Clashes hit last coursing meet

VIOLENCE erupted yesterday at Britain’s last major hare-coursing event before the sport is made illegal.

Animal rights protesters clashed with spectators at the final Waterloo Cup, which had been moved forward by a week to avoid the ban on hunting with dogs, which becomes law from Friday. Three people were arrested by police.

About 200 protesters attended the event in Great Altcar, Lancashire.

They were met by hundreds of jeering spectators who waved fox tails and threw missiles.

The missiles included a dismembered hare, bottles, cans, stones and dozens of earth clods. Two live fireworks were also thrown, but no-one was injured.

Mounted police used their horses to drive back a group of around 20 spectators who tried to charge at the protesters.

The three people were arrested on suspicion of public order offences and several more had to be restrained by police, who kept a high-profile presence of more than 60 officers.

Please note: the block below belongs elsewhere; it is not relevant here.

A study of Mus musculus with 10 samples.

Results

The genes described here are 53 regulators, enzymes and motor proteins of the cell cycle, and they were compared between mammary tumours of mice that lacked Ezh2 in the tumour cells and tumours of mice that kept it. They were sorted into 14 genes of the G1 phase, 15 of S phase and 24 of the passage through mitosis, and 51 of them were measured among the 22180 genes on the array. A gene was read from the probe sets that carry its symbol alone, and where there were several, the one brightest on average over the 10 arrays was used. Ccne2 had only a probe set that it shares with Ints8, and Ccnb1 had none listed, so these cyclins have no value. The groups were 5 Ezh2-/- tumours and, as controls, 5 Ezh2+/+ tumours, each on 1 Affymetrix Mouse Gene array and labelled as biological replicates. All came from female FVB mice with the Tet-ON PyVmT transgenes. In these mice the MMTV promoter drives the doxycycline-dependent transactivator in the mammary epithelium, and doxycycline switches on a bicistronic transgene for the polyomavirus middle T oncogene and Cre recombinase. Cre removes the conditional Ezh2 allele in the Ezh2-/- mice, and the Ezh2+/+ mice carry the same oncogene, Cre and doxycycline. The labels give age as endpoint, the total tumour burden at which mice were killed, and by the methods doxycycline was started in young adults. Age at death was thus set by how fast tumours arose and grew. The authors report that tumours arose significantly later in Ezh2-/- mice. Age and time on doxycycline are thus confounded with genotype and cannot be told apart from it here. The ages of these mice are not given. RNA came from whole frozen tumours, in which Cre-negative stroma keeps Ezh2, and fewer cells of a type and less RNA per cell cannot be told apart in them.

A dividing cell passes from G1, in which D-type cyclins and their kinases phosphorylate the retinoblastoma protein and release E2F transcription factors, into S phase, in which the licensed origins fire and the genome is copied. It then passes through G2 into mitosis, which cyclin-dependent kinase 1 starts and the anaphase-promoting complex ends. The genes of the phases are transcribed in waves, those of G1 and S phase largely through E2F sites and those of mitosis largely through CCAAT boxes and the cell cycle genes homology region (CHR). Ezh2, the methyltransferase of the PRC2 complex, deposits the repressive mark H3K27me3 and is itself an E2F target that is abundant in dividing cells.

Tony Moore, who led the protest on behalf of Fight Against Animal Cruelty in Europe, said: “This is not a day of jubilation for us. I just feel bad that it has taken so long to achieve this ban. We shouldn’t have to be here today.”

Simon Hart, chief executive of the Countryside Alliance, watched the protest and was singled out for much of the verbal abuse.

He vowed that the Waterloo Cup would continue in some way.

He said: “I’m absolutely, 100% certain that the Waterloo Cup will take place in some form in 2006.”

Options to continue the sport could include muzzling the dogs or holding the event in Ireland.

Thirty-two courses were run yesterday and four hares were killed.